In Arthur Rubinstein’s salon, Peter Ustinov used to do outlandish imitations of German opera singers. Igor Stravinsky lent his avuncular presence to the children’s piano practice. Pablo Picasso proudly showed the family his bullfight paintings. Picasso, recalls John Rubinstein, the youngest of the virtuoso pianist’s four offspring, “was just another old man—like my father.”
No irreverence is intended, only a refreshing candor, which Arthur, now 93, appreciates. “John is colossal,” he says of his son, who is both a gifted actor (most widely seen in ABC’s Family) and movie composer. “If you were a father, what would you think if your son made it so far? I am absolutely in heaven.”
Equally transported of late are the Broadway audiences giving John, 33, standing ovations in Children of a Lesser God. Cast as a teacher of the deaf who eventually marries a student, Rubinstein must deliver his own lines, convert them into sign language for co-star Phyllis Frelich (who has been deaf since birth) and translate her signs for the audience. His astounding quickness in picking up “signing” during an audition won Rubinstein the role, and within four weeks he was fluent in the language of the deaf. “I couldn’t stop thinking about it,” he explains. His performance may well win him a Tony for best actor June 8, but Rubinstein remains blasé. “There are no real highs and lows in my life,” he insists. “It’s a continuous story.”
In recent years, though, it has been all onward and upward. In 1972 John opened in the title role in the Broadway musical smash Pippin and stayed for two years. On TV, he has appeared in everything from Mod Squad to The Mary Tyler Moore Show as well as playing Jeff Maitland in Family. Last week he was seen as Hollywood tycoon Irving Thalberg in NBC’s Moviola. Rubinstein’s movie career has included acting in Zachariah and In Search of Historic Jesus and composing the scores for The Candidate and Jeremiah Johnson.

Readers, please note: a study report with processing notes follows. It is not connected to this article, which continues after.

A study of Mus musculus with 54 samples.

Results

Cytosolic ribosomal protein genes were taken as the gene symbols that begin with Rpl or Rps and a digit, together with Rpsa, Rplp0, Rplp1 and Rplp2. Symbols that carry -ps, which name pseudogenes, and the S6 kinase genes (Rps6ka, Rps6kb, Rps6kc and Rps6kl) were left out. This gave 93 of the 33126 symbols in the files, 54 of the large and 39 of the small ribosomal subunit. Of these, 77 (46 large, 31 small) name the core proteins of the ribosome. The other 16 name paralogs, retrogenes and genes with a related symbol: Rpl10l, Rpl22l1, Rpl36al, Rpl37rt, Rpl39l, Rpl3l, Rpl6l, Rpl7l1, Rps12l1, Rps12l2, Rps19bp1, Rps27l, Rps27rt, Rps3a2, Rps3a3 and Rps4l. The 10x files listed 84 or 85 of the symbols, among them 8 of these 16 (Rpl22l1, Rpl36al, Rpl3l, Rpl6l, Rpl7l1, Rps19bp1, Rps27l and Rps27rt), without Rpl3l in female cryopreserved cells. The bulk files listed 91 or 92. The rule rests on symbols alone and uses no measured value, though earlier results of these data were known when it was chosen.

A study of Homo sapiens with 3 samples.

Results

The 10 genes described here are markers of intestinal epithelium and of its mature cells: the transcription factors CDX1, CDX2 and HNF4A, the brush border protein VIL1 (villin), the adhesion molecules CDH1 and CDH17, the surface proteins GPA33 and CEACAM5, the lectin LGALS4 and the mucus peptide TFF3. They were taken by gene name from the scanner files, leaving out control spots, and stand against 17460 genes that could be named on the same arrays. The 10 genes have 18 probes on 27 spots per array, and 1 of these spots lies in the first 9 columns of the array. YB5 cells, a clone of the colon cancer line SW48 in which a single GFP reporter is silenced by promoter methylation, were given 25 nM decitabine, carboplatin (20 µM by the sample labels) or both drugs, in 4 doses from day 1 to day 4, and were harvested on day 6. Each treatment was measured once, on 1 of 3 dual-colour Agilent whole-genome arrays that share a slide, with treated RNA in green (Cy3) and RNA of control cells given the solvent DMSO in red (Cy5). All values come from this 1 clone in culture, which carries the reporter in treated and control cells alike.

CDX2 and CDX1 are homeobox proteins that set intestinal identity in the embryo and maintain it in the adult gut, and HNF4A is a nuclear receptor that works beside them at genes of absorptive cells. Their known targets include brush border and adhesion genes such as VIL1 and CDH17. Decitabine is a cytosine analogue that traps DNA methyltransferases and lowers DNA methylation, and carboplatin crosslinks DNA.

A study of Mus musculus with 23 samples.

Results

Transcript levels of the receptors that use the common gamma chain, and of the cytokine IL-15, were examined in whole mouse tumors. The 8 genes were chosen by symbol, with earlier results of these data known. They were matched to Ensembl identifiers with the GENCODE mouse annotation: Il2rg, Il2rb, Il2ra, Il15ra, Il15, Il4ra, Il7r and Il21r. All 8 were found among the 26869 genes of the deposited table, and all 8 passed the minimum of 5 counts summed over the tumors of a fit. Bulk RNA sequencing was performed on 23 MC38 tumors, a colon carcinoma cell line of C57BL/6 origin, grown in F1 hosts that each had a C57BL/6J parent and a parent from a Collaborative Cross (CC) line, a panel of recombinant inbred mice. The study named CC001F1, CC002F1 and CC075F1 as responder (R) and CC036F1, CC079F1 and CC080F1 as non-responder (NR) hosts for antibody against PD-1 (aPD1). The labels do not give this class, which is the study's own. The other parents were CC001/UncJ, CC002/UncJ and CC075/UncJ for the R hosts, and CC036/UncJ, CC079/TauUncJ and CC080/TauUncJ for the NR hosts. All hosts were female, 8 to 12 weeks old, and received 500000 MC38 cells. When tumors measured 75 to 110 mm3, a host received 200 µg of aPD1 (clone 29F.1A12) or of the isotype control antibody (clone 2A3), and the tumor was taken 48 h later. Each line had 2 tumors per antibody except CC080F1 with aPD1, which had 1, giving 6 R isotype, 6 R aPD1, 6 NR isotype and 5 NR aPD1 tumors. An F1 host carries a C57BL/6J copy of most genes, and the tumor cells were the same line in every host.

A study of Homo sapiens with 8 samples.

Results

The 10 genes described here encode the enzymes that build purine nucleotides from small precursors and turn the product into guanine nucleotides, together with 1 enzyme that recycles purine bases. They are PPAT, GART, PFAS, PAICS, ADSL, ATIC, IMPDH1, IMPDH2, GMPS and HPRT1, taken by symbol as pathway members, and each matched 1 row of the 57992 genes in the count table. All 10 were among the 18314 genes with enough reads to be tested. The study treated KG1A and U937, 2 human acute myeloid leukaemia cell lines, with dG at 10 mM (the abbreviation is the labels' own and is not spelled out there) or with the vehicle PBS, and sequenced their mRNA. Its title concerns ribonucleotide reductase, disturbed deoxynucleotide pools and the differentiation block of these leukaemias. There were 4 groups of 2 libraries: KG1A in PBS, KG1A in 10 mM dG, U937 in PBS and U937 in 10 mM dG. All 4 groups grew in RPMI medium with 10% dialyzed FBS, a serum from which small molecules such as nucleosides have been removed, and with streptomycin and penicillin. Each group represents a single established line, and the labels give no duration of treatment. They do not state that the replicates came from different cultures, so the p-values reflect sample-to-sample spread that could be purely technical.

His youth was equally eclectic. Says John’s close friend, violinist Pinchas Zuckerman: “The father is a monument of the 20th century. I imagine it must have been difficult to live with that.” John’s mother is Aniela Mlynarski, daughter of a Polish conductor and 16 years younger than Arthur. She, too, is a strong-willed figure. Recalling the past, John reflects: “Until ninth or tenth grade I thought I was a product of my parents lives, their doctrines.”
His early years were spent in New York, Paris and Beverly Hills, where John developed a crush on Candy Bergen and chummed around with Liza Minnelli. “I remember her coming to a Halloween party as a fairy with a wand and jewels,” says John. “Everybody else was a ghost or a goblin.” By the time he was a sixth grader, John was sending flowers and billets-doux to girls. Receiving an ungrammatical note in return, he sent it back, corrected.
A classical pianist from the age of 4, Rubinstein says his “technique was never very good,” and he turned to pop music and acting in his teens. His father thought he should be a conductor. John enlisted the moral support of another family friend, Laurence Olivier, and lobbied to skip college and act. Parental pressure made him enroll in UCLA in 1964. But in his senior year he quit to join the road company of On a Clear Day You Can See Forever. Three years and numerous acting credits later, he performed with actress Judi West at the Mark Taper Forum in Los Angeles. “He taught me what love meant,” says Judi. “That sounds dirty,” cracks John.
The pair married in 1971 and have two children, Jessica, 8, and Michael, 6. The Rubinsteins own a home in Beverly Glen but are negotiating to buy a Manhattan co-op. Meanwhile they are living out of boxes in a small sublet. Judi, though primarily involved with child raising, did a segment of Love Boat last season.
When his current nine-month Broadway commitment is over next December, John hopes to direct a film or play. “I’m looking forward,” he asserts, “to being John Rubinstein, and not the ‘virtuoso’s son.’ ” But he’s philosophical about the future. “If the things I wish don’t come about, I consider it a vacation,” says John. “My career and my life have a movement of their own.” In an odd phrase for a Rubinstein or the star of Lesser God he adds, “It’s out of my hands.”